Patrick Reed, co-founder and CEO of YourStake, joins Ned and Dani in this episode to talk about sustainability in the Wealthtech industry. Are wealth and sustainability mutually exclusive? Do millennials care more about environmental and social issues than baby boomers?
Having been passionate about environmental issues since young, Patrick was often involved in related activism before starting YourStake. He met his future business partner, Gabe Rissman, at the environmental student group at Yale. As head of the student group, Patrick started a chapter to divest the university’s endowment from fossil fuel companies. As they partnered to draft negotiations and research for their campaign, Patrick and Gabe realized they could help people who were not institutional investors with endowments to make a change through their investments. Sprouted in the jungles of Costa Rica, YourStake helps financial advisors and their clients understand as well as grow their social and environmental impact. On one hand, YourStake found that potential investors were not aware of the information surrounding the impact of their investments. On the other hand, financial advisors were struggling to give their clients accurate and detailed materials regarding their investments.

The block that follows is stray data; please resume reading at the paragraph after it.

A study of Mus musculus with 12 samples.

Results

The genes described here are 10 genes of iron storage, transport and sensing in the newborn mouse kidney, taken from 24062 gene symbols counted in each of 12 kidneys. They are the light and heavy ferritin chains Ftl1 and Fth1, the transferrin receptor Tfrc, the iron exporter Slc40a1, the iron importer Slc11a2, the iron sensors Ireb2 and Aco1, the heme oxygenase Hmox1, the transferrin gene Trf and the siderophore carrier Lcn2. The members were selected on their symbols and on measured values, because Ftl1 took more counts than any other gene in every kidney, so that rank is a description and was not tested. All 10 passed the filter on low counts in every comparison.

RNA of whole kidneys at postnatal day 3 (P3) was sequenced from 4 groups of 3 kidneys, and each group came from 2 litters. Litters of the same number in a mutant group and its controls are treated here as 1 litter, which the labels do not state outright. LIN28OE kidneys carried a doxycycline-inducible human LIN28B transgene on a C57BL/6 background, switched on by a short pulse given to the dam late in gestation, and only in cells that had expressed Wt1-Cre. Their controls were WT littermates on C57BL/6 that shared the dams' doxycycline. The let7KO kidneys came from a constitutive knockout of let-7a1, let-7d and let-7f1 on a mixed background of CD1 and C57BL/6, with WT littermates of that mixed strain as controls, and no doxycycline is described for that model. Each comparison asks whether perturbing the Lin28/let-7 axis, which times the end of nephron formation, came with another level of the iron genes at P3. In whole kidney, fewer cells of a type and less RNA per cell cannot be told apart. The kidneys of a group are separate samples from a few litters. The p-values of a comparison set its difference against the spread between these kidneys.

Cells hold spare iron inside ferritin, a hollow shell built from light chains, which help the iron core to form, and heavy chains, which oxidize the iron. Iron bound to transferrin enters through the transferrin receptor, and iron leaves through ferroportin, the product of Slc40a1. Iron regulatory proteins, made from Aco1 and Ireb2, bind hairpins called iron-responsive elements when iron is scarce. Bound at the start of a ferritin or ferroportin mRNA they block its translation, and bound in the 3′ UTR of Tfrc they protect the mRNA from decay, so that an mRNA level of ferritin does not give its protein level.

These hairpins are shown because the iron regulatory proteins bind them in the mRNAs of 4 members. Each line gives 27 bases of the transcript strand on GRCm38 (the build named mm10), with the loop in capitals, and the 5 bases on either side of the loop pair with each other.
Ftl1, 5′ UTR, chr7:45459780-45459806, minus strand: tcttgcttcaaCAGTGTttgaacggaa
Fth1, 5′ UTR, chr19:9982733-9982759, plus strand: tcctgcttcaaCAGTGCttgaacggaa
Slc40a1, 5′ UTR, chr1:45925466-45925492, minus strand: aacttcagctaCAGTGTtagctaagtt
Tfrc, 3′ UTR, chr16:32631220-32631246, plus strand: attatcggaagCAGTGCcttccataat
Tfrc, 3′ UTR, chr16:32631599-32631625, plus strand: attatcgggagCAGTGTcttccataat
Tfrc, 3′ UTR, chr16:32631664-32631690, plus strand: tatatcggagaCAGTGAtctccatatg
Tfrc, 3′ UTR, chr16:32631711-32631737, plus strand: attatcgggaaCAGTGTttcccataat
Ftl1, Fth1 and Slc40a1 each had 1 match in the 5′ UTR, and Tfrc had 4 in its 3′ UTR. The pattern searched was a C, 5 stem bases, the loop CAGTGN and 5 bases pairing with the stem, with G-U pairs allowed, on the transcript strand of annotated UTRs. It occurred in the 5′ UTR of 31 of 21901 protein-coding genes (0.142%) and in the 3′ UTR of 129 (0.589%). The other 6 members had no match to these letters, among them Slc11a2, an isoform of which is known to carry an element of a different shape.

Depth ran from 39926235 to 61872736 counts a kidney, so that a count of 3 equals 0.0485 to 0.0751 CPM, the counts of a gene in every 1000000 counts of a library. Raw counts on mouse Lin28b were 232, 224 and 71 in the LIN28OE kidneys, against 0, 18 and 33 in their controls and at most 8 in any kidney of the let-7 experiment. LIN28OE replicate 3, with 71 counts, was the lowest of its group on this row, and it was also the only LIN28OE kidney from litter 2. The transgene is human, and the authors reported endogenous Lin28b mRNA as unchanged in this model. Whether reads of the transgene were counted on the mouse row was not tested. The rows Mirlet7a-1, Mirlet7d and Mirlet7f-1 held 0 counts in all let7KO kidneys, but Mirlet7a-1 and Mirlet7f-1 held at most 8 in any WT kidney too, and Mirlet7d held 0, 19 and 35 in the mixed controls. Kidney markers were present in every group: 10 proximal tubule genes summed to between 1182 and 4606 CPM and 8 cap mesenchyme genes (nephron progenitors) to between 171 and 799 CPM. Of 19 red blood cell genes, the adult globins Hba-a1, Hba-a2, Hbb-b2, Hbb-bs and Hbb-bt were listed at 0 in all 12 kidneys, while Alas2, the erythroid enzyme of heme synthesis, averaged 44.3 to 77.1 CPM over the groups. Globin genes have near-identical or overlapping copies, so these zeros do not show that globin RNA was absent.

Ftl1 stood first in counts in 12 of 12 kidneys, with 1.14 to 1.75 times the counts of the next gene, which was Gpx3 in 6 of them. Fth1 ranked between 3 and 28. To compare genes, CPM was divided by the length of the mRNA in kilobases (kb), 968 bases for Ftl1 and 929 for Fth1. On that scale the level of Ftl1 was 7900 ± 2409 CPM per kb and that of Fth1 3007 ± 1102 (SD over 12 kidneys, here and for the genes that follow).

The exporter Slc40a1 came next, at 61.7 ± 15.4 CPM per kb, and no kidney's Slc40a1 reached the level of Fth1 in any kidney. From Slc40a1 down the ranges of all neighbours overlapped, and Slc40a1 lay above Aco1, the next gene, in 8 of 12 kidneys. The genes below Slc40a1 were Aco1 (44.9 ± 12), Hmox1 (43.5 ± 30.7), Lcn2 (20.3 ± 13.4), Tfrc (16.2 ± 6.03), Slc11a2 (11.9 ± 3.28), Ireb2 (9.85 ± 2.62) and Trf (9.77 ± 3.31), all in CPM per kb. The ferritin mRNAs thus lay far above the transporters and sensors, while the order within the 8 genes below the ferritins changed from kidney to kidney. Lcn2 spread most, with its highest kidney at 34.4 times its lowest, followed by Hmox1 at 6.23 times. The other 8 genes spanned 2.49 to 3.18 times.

By leveraging data and analytics, YourStake is able to provide tangible information for advisors to articulate to their clients. They created an ESG based Metaphor Metrics to help investors understand and decide the composition of their portfolios. Such metrics include digestible statistics, like emissions from cars an investment reduces or which companies have more meetings led by women in leadership positions. An ESG personality type is generated from a questionnaire that maps the combination of environmental and social impacts and values an investor cares about. Coincidentally, this transparency of data not only helps clients to determine their funds, but fund managers are able to substantiate their funds’ ESG claims as well.
Speaking of things that keep Patrick up at night, he wishes to address the issue of greenwashing by companies. While there is increasing interest in ESG and new ways to invest, some investable products might not be entirely transparent about what their sustainability reports claim. Since regulations are only just starting to be erected, most companies do not include sustainability reports in their annual reports. Sometimes, these sustainability reports may be done by the marketing team instead, which could intentionally skew the perception of consumers to believe their green efforts. Nevertheless, there have been new efforts to reduce emissions by linking executive salaries to sustainability as a measurable compensation objective. However, companies may self-report things that do not convey the right set of tradeoffs and misconstrue the narrative of sustainability.
Patrick believes the Wealthtech industry is an exciting space to be pushing for sustainability efforts. Especially with a larger number of people willing to take these issues into consideration when investing, companies would be more inclined to improve in order to obtain capital.